Sunday, November 16, 2014

Learning to Live in Limboland

Ten months. Long enough to have a baby. Long enough to lose several friends to cancer. Not long enough to figure out if I have a recurrence. Ten months ago I complained to my radiation oncologist about severe pain I've been having in the same quadrant of my body where a team of crack scientists poisoned, cut and burned the cancer in me two years ago. An MRI was ordered, but due to the shortage of MR machines in the province the scan was not until six weeks later. In the interim other odd symptoms started popping up.


A raw feeling in my lungs. A persistent, but wee, cough. A lymphedematous arm that suddenly ballooned up in a matter of hours despite diligent therapy. Numbness coming and going in my fingers, eventually moving to my arm, then both arms.

As luck would have it, when the results of the MRI came in they were not good. But not in a way I would have imagined. Even if I hadn't convinced myself that all of my symptoms were completely unrelated and minor, I still would have been thrown for a loop when the MRI showed malignant activity in the opposite breast.

A few days later I was back at the hospital for a mammogram, ultrasound and biopsy. Except that nothing showed up on the ultrasound. (Never mind the mammogram, my mammograms look like a miserable cloudy day. Even when I had a mammoth tumour in my breast, my mammograms were "normal". So a normal mammogram for me is pretty meaningless.) The radiologists retreated into their little radiologist room to decide what to do next. The recommendation: wait six months and repeat the MRI.

In the months since the decision to wait, I've been working with my doctors to look into my other symptoms. A chest x-ray, a CT of the arm, an MRI of the brachial plexus, an MRI of the cervical spine, a pulmonary function test, a nerve conduction test (ouch), and soon a chest CT and an ultrasound of the elbow. Each test is ordered under the guise of "just seeing what's in there" and every report comes back stating the purpose was to "rule out metastasis". I am growing numb to the fear of recurrence.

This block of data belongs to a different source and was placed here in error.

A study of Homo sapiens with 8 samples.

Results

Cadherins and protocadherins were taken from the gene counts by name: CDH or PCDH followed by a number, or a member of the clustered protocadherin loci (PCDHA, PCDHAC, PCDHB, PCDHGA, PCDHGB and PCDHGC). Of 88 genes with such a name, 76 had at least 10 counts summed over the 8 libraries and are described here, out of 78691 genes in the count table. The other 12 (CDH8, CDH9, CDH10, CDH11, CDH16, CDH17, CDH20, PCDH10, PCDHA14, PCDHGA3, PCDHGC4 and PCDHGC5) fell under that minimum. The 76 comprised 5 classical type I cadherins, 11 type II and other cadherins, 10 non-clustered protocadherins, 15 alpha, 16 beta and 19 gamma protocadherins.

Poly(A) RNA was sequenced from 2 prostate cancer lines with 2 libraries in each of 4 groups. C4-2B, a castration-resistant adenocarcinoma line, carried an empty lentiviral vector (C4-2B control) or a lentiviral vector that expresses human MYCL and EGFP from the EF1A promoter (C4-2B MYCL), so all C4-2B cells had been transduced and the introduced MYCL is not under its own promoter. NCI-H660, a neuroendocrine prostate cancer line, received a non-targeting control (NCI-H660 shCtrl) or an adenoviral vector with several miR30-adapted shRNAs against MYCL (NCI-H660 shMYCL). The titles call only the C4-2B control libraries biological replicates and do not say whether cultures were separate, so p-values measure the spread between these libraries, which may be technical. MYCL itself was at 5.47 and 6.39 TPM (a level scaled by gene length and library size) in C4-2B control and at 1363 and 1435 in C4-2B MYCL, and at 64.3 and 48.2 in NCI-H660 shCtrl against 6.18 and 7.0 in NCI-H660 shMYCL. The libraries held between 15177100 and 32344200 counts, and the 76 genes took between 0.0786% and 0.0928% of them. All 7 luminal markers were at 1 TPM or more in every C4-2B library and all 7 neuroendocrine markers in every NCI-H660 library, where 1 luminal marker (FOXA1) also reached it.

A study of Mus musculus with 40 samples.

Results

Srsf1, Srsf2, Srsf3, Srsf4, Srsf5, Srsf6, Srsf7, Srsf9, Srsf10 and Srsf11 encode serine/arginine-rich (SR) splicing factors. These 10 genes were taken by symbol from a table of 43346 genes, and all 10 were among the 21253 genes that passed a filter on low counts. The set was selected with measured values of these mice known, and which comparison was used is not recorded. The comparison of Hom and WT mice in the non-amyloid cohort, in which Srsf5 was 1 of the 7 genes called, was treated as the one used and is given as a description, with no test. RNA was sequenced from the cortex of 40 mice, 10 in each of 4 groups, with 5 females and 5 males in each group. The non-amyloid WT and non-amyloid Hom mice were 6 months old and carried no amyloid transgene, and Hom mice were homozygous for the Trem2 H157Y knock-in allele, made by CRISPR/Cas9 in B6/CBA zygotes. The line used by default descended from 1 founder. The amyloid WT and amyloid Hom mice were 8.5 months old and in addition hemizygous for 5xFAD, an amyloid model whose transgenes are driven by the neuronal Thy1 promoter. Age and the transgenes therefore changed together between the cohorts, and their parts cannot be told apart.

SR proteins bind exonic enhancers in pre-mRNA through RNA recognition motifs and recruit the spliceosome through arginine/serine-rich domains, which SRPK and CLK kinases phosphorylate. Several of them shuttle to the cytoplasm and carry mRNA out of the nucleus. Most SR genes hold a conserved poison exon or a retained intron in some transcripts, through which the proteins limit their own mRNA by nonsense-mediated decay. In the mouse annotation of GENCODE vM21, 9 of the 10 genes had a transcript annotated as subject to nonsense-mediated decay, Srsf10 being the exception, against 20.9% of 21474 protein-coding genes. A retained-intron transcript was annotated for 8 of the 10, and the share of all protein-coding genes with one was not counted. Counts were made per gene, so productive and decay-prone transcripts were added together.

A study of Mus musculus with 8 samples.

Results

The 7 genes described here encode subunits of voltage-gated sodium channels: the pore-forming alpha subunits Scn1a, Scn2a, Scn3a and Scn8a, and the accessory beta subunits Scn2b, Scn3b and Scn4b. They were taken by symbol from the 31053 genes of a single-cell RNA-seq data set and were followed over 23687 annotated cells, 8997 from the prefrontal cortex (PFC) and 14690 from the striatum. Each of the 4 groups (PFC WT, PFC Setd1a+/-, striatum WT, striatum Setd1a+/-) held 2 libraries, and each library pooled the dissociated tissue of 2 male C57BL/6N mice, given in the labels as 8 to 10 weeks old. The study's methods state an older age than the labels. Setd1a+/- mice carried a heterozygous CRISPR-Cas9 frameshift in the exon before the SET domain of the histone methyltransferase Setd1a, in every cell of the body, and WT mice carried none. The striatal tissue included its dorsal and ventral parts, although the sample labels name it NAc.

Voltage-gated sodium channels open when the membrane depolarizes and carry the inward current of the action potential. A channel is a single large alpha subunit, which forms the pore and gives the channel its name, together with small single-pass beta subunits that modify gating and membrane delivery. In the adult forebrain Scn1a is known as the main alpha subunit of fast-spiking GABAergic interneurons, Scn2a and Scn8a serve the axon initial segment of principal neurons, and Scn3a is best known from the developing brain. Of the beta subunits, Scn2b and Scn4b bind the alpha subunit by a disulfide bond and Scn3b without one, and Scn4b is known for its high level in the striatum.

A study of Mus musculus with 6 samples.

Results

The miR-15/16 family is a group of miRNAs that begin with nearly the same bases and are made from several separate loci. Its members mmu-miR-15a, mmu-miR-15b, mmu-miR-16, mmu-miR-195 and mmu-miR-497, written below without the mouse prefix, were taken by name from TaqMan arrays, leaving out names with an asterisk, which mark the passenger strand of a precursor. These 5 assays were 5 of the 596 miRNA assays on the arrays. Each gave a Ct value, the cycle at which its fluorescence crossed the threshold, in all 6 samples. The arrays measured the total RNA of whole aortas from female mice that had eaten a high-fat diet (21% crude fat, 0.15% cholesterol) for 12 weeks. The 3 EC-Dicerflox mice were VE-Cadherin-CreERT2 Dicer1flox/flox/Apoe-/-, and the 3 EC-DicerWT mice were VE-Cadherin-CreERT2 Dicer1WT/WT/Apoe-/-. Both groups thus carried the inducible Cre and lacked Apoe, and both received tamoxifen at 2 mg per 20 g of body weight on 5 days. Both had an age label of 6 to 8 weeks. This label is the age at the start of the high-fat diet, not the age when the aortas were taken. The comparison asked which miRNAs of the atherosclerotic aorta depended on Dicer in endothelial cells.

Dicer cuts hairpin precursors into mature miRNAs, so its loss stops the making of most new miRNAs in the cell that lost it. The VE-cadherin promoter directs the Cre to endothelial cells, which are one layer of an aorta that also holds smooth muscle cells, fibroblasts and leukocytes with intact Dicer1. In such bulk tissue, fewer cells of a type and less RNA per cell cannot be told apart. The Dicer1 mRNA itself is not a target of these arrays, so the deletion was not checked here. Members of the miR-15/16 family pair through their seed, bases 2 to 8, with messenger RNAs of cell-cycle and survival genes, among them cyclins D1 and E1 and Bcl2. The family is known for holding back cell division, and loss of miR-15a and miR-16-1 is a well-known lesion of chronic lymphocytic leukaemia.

Last month I went back for my repeat MRI. A repeat of the MRI that (in my mind) started all this. As I sat with the technician, I answered all the usual questions. Yes, I have drug allergies. Yes, I've had MRI contrast several times. No, I've never had a reaction. Yes, I have piercings. No, I am not wearing any jewelry. I've never worked in a machine shop or gotten shrapnel in my eye. My tattoos have always been fine in MR machines. No, I'm not pregnant. When was my last menstrual period? Well.

This is where it ends. You see, chemo made my ovaries very very angry. Get off my lawn grumpy. They seem to love summers, keeping time perfectly when the weather is warm. But in cold weather they go into hibernation. It was late October so, yeah, it had been a while since I had had a period. The technician put everything down and told me I couldn't have the scan.

In a premenopausal woman breast tissue often lights up like a Christmas tree for three quarters of her cycle, making MRIs trickier to read. The ideal time to have a breast MRI is between days 7 and 13 of one's menstrual cycle. Since I was way way past the 13 day mark of my cycle (and way past the 28 day mark as well) there was no guarantee that the scan would be of good quality. The radiologist sent me home.

So now I wait for a period that may not come until the weather gets warm again. Hell, as far as I know I'm waiting for a period that will not come, period. But I wait. Next week I'll be talking with my oncologist about whether he can strong arm Radiology into doing the scan. Somewhere in between my chest CT and elbow ultrasound. A CT and ultrasound that were ordered just to "see what's in there" but whose reports will start with the phrase "rule out metastasis". I guess at this point my fear of recurrence has been (temporarily) replaced with a fear of not finding the cause(s) of all the issues I'm having. A fear of being in limbo forever.